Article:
Wisconsin Rail Safety Week Kicks Off: See Track? Think Train!

Law Enforcement Agencies Promote Rail Safety


Wednesday, local law enforcement agencies teamed up with railroad industries to lower those numbers. 

Last year, nearly 600 people were killed in the U.S. while trespassing on tracks, another 250 at grade crossings. 

Engineers believe the 3 E’s: Education, Engineering and Enforcement will help keep everybody safe. 

Trains are a lot of fun to watch and when you’re little they are a lot of fun to play with. 

But, a situation can become tragic in seconds.

“When those signals start flashing and those cross arms come down motorists need to know that they have to stop,” said Traffic Sergeant, Joel Kiel. 

Kiel wants to remind drivers those flashing lights must be treated like a stop sign. 

“People violate the red lights, they violate the crossing arms,” said Kiel.

As soon as the last rail car clears the crossing, make sure another train is not coming from either direction. 

“Wait for them to go all the way up and the flashers to go off,” Kiel added. 

Because this area has so much rail traffic, motorists have to be extra careful.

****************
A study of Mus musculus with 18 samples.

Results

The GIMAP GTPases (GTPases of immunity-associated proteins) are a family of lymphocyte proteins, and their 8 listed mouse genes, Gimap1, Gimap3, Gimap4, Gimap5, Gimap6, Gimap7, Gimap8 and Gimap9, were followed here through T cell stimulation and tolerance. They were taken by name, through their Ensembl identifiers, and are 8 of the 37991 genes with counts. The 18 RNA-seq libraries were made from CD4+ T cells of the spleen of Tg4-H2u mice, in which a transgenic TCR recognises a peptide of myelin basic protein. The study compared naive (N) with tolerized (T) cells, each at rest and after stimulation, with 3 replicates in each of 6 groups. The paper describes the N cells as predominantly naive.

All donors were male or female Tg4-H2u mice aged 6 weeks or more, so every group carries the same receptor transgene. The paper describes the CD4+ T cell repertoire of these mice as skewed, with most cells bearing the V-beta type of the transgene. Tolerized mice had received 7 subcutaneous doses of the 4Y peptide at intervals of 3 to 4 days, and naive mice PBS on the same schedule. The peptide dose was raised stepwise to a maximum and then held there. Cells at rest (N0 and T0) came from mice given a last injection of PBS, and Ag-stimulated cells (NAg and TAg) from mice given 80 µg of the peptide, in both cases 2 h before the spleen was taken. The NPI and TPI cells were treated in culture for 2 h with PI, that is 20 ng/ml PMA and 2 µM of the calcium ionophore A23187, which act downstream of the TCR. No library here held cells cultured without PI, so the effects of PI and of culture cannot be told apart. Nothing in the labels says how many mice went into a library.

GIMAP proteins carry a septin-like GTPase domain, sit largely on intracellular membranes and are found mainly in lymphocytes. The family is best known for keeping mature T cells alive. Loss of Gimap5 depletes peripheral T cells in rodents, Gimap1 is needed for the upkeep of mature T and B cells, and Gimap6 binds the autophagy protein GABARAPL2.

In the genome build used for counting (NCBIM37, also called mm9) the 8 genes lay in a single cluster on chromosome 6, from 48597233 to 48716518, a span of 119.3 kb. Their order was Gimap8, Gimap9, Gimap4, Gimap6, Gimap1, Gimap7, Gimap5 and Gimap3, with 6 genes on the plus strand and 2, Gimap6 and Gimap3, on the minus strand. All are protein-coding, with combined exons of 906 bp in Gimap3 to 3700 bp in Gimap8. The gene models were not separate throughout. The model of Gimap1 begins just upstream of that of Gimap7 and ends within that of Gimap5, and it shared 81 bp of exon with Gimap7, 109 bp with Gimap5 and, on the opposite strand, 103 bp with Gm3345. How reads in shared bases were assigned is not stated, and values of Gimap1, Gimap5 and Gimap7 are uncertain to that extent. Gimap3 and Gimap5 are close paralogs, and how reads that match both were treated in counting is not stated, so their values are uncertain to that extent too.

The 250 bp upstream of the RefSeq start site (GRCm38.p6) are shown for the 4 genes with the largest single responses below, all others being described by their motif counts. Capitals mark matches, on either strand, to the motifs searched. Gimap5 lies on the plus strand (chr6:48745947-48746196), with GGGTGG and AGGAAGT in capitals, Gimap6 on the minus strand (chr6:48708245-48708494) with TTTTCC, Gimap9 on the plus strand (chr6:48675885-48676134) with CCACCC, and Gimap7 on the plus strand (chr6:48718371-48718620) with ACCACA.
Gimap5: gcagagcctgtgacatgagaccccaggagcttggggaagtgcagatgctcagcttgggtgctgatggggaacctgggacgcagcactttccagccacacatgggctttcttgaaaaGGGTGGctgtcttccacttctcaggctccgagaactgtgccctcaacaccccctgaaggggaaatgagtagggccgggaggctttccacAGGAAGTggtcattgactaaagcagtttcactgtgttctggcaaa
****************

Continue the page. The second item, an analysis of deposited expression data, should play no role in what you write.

“Trains can stop but they can’t stop quickly,” said Operations Lifesaver Coordinator, Susie Clinger.

But, in places like Superior accident rates are low. 

“We don’t get a lot of car-train accidents because in town our speeds are much slower,” Kiel said. 

Ignoring red lights or crossing arms can lead to red lights of law enforcement turning on behind you. 

“If they see a train they must wait there and when they go over those tracks, that is what we are stopping vehicles for. 

So Kiel says, “Stay off, stay away and stay alive.”

“Be patient, the trail will pass.  It’s not going to be there forever,” said the Wisconsin Commissioner of Railroads, Jeff Plale.

If you were to smash a pop can with your foot, that’s exactly what a train can do to your car. 

That’s just one example of the potential damage trains can cause.

While we were aboard the BNSF train, 24 vehicles were given a citation and 4 warning were handed out in a matter of four hours. 

Fifty percent of vehicle-train collisions occur at crossings with active warning lights, gates, and/or bells.